By Michael Goldstein
By Dennis Romero
By Sarah Fenske
By Matthew Mullins
By Patrick Range McDonald
By LA Weekly
By Dennis Romero
By Simone Wilson
Barresi recalls he began the investigation in early April 2001 (interestingly, shortly after that shocking Premiere magazine article detailing allegations about Schwarzenegger’s “grab and grope” sexual harassment of women). Barresi last “logged in” on April 19, according to his records. “It was a week after I turned in my report that Schwarzenegger made the announcement he was not going to run,” Pellicano’s aide says. That decision made headlines when, on April 25, 2001, the actor said his film career and family took precedence over any political aspirations and that “I have to be selfless at this point.”
At the time, Barresi emphasizes, it wasn’t his job to reach a conclusion about whether Schwarzenegger should throw in his hat. But the legman says that, if asked, he would have advised against it. “I think that’s a no-brainer,” he tells L.A. Weekly. “Look, my info was all fresh and new, acquired from sources, some reliable, some unreliable.” But Barresi notes that, in a political campaign, the information doesn’t have to be true, just put out there “to create and invent an unfavorable impression.”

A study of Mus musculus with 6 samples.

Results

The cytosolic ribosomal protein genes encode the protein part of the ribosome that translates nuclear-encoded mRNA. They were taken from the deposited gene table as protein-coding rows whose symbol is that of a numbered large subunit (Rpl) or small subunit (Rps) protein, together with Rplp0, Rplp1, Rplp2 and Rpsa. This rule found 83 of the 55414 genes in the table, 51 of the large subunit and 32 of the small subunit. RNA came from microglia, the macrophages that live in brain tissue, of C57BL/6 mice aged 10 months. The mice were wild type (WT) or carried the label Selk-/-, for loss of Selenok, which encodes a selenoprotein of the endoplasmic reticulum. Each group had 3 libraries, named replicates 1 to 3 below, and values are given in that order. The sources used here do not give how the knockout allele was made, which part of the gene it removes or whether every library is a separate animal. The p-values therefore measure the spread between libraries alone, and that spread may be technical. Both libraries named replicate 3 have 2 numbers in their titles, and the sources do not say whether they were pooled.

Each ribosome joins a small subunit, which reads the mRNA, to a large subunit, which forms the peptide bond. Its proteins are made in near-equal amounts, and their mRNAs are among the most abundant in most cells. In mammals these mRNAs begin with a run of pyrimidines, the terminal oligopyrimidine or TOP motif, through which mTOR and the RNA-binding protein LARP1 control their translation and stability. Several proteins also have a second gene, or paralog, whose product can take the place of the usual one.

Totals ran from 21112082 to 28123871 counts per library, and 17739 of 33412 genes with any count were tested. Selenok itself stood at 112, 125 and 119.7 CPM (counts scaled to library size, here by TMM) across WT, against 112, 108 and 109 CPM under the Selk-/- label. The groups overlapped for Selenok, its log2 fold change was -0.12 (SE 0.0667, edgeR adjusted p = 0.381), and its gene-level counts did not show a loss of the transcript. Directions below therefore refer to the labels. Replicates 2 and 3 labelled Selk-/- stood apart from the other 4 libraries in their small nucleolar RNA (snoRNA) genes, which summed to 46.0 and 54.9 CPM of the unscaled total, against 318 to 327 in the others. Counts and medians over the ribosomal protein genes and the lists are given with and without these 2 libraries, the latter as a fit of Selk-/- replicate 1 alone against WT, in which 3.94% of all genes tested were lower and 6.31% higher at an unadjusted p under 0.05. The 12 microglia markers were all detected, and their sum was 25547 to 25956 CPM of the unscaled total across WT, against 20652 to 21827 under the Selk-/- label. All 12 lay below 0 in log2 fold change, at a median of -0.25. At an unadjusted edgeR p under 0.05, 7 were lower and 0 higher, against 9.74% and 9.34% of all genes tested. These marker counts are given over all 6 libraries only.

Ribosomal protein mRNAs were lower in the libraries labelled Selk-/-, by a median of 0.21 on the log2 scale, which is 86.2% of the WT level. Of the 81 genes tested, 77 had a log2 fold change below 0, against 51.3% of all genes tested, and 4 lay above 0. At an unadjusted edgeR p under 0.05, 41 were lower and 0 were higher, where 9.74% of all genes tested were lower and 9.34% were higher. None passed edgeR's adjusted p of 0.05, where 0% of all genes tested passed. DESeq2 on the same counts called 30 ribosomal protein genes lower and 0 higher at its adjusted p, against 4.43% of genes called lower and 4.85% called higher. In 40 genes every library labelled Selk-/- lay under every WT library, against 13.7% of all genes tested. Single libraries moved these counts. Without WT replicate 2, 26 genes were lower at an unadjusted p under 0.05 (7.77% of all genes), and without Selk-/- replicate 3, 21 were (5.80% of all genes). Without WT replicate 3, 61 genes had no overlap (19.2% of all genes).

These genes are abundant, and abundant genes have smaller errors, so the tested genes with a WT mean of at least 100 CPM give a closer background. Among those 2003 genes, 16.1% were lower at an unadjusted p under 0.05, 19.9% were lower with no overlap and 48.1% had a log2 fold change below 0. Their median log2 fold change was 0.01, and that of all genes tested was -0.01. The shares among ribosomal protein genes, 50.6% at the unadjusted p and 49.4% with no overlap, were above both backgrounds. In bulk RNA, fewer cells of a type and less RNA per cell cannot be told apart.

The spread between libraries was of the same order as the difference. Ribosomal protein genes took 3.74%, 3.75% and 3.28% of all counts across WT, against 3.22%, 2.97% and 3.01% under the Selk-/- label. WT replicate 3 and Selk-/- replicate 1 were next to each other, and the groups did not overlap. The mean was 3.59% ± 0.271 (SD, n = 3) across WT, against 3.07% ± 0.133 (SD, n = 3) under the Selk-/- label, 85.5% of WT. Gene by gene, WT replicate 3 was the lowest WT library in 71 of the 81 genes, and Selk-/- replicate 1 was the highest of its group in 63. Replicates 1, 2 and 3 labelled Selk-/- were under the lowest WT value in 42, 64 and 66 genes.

Barresi will not divulge the contents of the report in any detail, except to note broadly that it dealt with the personal, professional and business lives of Schwarzenegger, family and associates. According to Barresi, the file was read closely. He recalls one incident he discovered: a bodyguard trying to sell to the highest bidder “a damaging story” about Schwarzenegger. “I mentioned his name to Pellicano, and, all of a sudden, this guy stopped peddling his goods,” Barresi claims.
At press time, Schwarzenegger’s office had not responded to repeated calls for comment.
On Monday, Pellicano surrendered at the Federal Detention Center in downtown Los Angeles to begin serving a 33-month prison sentence for weapons violations (including pipe bombs found in his office safe) during the FBI search. Barresi says the last time he talked to his boss was the day that the judge set Pellicano’s bail. “We warmly embraced,” Barresi recalls.
Barresi maintains he “has no knowledge whatsoever as to Pellicano’s modus operandi in conducting his investigations” and states “not one time did Pellicano ever represent to me that I should ever conduct myself unlawfully in the course of my own investigations.” He says he told all that to the FBI during a questioning session at Georgio’s, an Italian eatery on Ventura Boulevard, that didn’t go at all well.
“They got angry with me,” recalls Barresi. “One of them was like a French poodle and said, ‘I think you’re full of shit!’ And, at the end, they told me that if I didn’t talk to them, then maybe I’d talk to a grand jury. And then they walked out the door.
“It sounded like dialogue from a B-rated crime movie.”
But then, so does everything about this case. Boggles the mind, no?
E-mail at firstname.lastname@example.org.